Wearing flip-flops and a backwards cap, Mike Smith wasn't dressed to be the guest of honor. And until the very last second — when his expression changed from "what the …?" to "are you kidding me?" — he didn't know he was.
It was a surprise party with a couple hundred of Smith's closest friends. His wife, Lisa, wanted to do something to honor the completion of his 40th season as Hampton's football coach. And after four months of planning, friends, family and former players showed up at Mill Point Park to celebrate.
"Oh, we told him so many lies to get him here," Lisa said. "He didn't understand why'd we leave our house at (Buckroe Beach) on a beautiful day, and I said, 'The kids want to go to a bar and watch a ball game.' So we came downtown, had one beer, and watched a soccer game. Then at halftime, we said, 'Let's take our son's in-laws down on the water front.
"It didn't click until we got here. I said, 'Oh, that looks like Donald' — Donald's our next-door neighbor. He says, 'Yeah,' and he waves at him. Then he started seeing all these people he knows. And then he started looking at himself."
For a guy who has won 419 games (10.5 per season) and doesn't get fooled very often …
"I had no idea," he said. "When they said, 'Let's walk down by the water,' I was telling them, 'The water's that way!' It's great seeing these guys."
Fittingly, Queen's "We Are the Champions" blared out of the speakers when Smith arrived. Players from as far away as Minnesota and Texas, most of whom were on at least one of Smith's 12 state championship teams, cheered.
There was Dwight Stephenson, the center and anchor of Smith's first title-winning team in 1975. The Hall of Famer came here from Miami. There was Robert Banks, a defensive end who after his senior year in 1982 went on to play at Notre Dame and in the NFL. He lives in Houston. Nigel Bowe (a senior in 1980) came from Philadelphia.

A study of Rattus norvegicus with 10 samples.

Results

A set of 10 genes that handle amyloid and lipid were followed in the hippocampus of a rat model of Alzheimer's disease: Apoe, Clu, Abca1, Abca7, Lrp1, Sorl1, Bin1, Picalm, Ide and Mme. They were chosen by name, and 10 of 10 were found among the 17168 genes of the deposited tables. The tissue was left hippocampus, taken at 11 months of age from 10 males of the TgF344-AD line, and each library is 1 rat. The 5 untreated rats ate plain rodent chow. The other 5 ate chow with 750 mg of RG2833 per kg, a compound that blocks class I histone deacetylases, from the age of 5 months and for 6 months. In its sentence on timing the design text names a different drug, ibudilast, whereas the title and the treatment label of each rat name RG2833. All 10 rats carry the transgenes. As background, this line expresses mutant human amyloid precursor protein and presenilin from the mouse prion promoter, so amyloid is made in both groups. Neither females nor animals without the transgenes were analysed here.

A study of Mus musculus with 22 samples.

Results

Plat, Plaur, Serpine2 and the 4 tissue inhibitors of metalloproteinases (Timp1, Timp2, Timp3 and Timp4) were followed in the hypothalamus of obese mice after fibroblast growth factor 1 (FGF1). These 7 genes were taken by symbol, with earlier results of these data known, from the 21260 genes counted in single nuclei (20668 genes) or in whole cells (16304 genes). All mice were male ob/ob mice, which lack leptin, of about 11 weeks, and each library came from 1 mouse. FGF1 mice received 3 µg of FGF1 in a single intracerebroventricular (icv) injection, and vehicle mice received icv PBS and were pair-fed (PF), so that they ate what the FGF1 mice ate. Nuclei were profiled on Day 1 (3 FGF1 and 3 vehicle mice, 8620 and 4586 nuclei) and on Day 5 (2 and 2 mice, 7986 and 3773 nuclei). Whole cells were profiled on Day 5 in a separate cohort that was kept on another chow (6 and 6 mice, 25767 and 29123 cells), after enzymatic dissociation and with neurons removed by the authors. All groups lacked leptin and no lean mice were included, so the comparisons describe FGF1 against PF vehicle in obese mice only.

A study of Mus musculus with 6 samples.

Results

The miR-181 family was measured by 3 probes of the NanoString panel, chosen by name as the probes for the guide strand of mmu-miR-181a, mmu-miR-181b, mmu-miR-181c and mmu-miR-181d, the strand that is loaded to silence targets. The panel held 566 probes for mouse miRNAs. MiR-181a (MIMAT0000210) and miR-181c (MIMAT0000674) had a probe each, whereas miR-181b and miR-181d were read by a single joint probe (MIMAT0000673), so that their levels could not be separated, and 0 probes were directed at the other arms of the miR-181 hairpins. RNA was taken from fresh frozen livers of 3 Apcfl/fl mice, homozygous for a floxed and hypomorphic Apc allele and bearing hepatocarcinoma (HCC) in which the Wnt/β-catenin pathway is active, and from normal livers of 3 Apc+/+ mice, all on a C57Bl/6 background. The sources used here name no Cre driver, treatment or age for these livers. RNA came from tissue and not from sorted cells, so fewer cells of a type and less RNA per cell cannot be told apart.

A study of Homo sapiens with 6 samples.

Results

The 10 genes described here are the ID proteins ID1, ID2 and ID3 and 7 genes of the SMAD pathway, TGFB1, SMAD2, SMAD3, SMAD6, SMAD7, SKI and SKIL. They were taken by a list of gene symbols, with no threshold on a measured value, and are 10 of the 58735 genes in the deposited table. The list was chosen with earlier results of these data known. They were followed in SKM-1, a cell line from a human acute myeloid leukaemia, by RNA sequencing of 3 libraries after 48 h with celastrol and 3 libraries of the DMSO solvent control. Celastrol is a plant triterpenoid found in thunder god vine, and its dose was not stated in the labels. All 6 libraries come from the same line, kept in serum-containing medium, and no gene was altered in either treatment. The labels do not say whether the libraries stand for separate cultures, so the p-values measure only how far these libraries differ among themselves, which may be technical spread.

"This is a once-in-a-lifetime thing," Banks said. "When you win 400 games and have the success he's had as far as impacting young lives, that's a tremendous accomplishment."
"Coach Smith's a legend, man," Bowe said. "Even though right now Phoebus might be dominating the Peninsula District and the state, you have to realize that for years, and I mean years, Hampton High and Coach Smith was the dominant force in Virginia."
There was former Powell Valley coach Phil Robbins, third on the VHSL coaching list with 307 wins. (Hey, that's only 112 behind Smith). There was former Bethel coach Dennis Kozlowski, once Smith's rival but now good friend.
The state's two Division I-A programs were represented — Virginia Tech by assistant Curt Newsome, Smith's close friend; Virginia by head coach Mike London, a Bethel graduate.
Not to mention scores of others whose names you might not know but who are just as dear to Smith. And it was all kept a secret.
"He had no idea," Lisa Smith said. "He had no earthly idea."